Top 10 Primitive Campgrounds

We previously ranked our 10 favorite campgrounds with running water, so these are the best of the “dry” campsites with vault toilets, four of which are free when you pay the park entrance fee.

10. Haleakala National Park

You might think Maui is going to be hot, but the free campground in the Hosmer Grove sits at 7,000 feet in elevation.

9. Channel Islands National Park

You will never forget a night spent on East Anacapa Island and not solely because the foghorn sounds 4 times per minute.

8. Joshua Tree National Park

This park in the Mojave Desert has several campgrounds with running water and reservations, but rock climbers love Hidden Valley for its first-come, first-served sites surrounded by boulders.

7. Hawai’i Volcanoes National Park

Kulanaokuaiki Campground only has 8 free walk-in campsites, but at night you can see the glow of molten lava from Kīlauea Caldera.

6. Denali National Park and Preserve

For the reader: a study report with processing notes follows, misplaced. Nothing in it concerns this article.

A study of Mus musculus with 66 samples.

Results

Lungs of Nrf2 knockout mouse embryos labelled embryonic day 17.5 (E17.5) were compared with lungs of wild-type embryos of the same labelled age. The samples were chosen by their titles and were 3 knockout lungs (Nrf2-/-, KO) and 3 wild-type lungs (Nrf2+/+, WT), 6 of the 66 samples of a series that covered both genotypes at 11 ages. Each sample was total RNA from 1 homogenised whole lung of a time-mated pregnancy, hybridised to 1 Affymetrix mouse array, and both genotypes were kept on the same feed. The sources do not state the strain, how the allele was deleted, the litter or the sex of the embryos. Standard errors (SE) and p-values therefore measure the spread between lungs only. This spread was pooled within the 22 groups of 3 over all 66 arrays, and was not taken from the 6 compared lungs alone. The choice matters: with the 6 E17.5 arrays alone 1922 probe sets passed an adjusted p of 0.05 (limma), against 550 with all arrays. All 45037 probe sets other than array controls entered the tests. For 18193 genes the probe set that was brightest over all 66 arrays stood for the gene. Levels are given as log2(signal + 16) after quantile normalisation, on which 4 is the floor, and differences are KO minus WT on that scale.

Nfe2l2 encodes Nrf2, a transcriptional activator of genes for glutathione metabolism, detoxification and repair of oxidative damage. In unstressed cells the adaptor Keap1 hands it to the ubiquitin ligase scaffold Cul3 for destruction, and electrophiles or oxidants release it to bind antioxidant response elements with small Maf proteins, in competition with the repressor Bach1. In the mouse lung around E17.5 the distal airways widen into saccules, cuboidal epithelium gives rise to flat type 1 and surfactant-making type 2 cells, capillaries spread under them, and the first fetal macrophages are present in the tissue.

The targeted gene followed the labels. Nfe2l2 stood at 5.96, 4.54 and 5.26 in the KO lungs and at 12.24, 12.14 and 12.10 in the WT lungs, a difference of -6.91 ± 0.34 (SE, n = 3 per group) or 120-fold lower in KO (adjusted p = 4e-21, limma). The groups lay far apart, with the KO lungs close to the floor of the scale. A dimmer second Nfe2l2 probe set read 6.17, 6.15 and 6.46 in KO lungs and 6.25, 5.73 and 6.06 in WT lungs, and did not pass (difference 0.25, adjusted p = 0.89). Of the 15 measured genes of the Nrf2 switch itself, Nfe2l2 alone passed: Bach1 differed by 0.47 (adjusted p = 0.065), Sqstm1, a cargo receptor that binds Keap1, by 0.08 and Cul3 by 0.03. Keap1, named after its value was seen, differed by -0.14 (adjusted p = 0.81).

Reservations (minimum 3 nights) at Teklanika River allow you to drive your own vehicle (or RV) to Mile 29 on the park road and pick up the shuttle bus there.

5. Canyonlands National Park

Willow Flat is in the Island in the Sky District west of Moab, Utah way up at 6,000 feet in elevation; a great place to stay if you want to photograph sunrise at Mesa Arch.

4. Yellowstone National Park

Slough Creek is a small campground in the northeast corner of the park and its first-come, first-served sites are hard to come by.

3. Badlands National Park

Often jam-packed in the summer, the free Sage Creek Primitive Campground is frequented by bison and coyotes (Note: beware the sticky clay after a rainstorm).

2. Grand Canyon National Park

If you drive the 61 miles of dirt road to beautiful Hovenweap Overlook on the north rim of the canyon, you deserve to spend the night for free.

…and finally our #1 primitive campground in a National Park!

1. Dry Tortugas National Park

Bring your own water and your snorkeling gear aboard the ferry to Fort Jefferson, 70 miles west of Key West, Florida.

Honorable Mentions

Devils Postpile National Monument

Technically this riverside campground is in the adjacent Inyo National Forest, but staying here is one of the few ways you are allowed to drive your own vehicle into the monument.

City of Rocks National Reserve

Designated sites are spread throughout this reserve in southern Idaho and are popular with rock climbers; try to get one near photogenic Window Arch.